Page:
Pitolisant as a Novel First-in-Class Treatment for Narcolepsy
Baltimore, Maryland –Harmony Biosciences recently received Breakthrough Therapy and Fast Track designation from the FDA. Last week they presented two posters at SLEEP 2018, the premier world forum for the presentation and discussion of the latest developments in clinical sleep medicine and sleep and circadian science. Their two posters described pitolisant as a novel first-in-class treatment option for patients with narcolepsy.
In the first poster, Yves Dauvilliers, MD, PhD Professor of Neurology at the University of Montpellier in France and colleagues present continued results from the Harmony 3 study which was a randomized, placebo-controlled study of pitolisant as a treatment for patients diagnosed with narcolepsy with or without cataplexy. The study now includes 73 de novo patients and 29 previously treated patients. Approximately two thirds of patients in the study completed more than 12 months of treatment with approximately 10% of patients withdrawing because of adverse events and 20% withdrawing because of perceived lack of efficacy. Most of the patients who discontinued participation in the study did so within the first three months of treatment.
The mean duration of treatment was 342 days overall (260 days in the de novo population and 548 days for previously treated patients). At Month 12, 83.9% of patients were receiving the maximum dose of pitolisant, which was 36 mg/day. They found that pitolisant at once-daily doses of up to 36 mg were associated with a significant decrease in mean excessive daytime sleepiness score at the first on-treatment assessment (Month 1). The results persisted through 12 months of treatment. The investigators defined a clinically significant improvement in Epworth Sleepiness Scale (ESS) as a decrease of ≥ 3 points and they observed this clinically significant improvement at Month 12 when pitolisant was used as a monotherapy or in combination with other narcolepsy medications.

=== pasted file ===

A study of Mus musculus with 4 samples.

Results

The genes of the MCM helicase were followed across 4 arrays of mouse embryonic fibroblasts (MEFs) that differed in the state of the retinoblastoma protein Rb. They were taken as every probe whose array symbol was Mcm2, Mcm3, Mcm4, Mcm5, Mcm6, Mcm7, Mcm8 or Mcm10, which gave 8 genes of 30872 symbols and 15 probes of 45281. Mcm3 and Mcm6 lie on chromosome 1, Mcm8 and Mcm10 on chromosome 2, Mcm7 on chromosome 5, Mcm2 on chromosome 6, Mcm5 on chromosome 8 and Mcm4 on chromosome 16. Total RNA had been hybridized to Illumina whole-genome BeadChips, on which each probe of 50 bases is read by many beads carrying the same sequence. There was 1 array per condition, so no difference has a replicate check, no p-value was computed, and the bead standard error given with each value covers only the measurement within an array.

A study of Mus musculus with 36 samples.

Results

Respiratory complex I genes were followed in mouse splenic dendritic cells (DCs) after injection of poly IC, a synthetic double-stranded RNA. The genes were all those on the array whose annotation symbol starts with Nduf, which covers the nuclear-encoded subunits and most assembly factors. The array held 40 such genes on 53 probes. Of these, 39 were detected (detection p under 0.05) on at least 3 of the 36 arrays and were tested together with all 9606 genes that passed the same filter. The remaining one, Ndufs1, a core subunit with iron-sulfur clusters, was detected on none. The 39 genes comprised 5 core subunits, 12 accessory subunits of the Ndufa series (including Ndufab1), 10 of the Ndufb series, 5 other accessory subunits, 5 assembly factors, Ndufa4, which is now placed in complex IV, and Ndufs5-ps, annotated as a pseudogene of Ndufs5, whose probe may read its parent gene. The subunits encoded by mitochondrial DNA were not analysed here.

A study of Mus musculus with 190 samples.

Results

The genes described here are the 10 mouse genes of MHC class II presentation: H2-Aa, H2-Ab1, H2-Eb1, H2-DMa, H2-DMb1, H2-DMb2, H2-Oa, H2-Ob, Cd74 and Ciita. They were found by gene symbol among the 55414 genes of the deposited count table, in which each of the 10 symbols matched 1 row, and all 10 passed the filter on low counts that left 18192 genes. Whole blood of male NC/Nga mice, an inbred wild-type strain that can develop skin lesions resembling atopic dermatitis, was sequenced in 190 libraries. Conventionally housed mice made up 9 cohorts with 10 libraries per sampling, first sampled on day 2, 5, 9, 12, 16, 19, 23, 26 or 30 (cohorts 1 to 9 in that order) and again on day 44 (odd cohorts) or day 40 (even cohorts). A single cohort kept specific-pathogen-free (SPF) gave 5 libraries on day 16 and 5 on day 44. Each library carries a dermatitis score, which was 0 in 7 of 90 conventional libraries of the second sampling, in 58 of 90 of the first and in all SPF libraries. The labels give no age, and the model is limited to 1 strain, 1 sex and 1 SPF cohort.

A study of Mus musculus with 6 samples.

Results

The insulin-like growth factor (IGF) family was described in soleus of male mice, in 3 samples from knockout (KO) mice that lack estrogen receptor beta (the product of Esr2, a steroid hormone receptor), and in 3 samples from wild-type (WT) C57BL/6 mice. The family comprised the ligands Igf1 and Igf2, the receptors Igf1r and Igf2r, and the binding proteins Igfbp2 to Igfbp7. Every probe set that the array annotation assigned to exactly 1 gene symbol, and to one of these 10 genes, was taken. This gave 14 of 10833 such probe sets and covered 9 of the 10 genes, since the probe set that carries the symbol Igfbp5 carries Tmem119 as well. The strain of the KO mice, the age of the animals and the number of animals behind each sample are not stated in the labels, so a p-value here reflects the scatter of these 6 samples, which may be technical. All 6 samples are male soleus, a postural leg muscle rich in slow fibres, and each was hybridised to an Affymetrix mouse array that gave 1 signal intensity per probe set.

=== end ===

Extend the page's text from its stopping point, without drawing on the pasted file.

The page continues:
The investigators noted that approximately one-third of patients were taking ≥ 1 concomitant medication at study baseline: 12.7% methylphenidate, 9.8% modafinil, 8.8% venlafaxine, 6.9% sodium oxybate, 2.9% mazindol, and 2.0% selective serotonin reuptake inhibitors. This number increased to approximately one-half of patients taking ≥ 1 concomitant narcolepsy medication during the study: 22.5% methylphenidate, 17.6% modafinil, 13.7% venlafaxine, 10.8% sodium oxybate, 8.8% selective serotonin reuptake inhibitors, 3.9% mazindol, and 1% clomipramine.
Approximately half of the patients completed sleep diaries through Month 12 and these patients reported that the mean daily number of involuntary sleep attacks decreased by 27% (from 1.36 to 0.99). Patients also reported that treatment with pitolisant reduced the frequency of cataplexy and other symptoms of narcolepsy such as hypnagogic hallucinations and sleep paralysis. In particular, the investigators documented a 65-75% reduction in frequency of cataplexy attacks. This reduction of cataplexy was sustained through twelve months of open-label study.
In the second poster, Michael J. Thorpy, MB, ChB, Director of the Sleep-Wake Disorders Center at the Montefiore Medical Center, Bronx, New York and colleagues described the results of their naturalistic, open-label study of patients with narcolepsy. The improvements in excessive daytime sleepiness (EDS) and cataplexy were consistent with results from previous short-term, double-blind studies. Specifically, the improvements in narcolepsy symptoms were observed during the first month of treatment and sustained through Month 12. The investigators did not identify any additional safety concerns and thus described a safety profile that was consistent with that observed in previous short-term studies.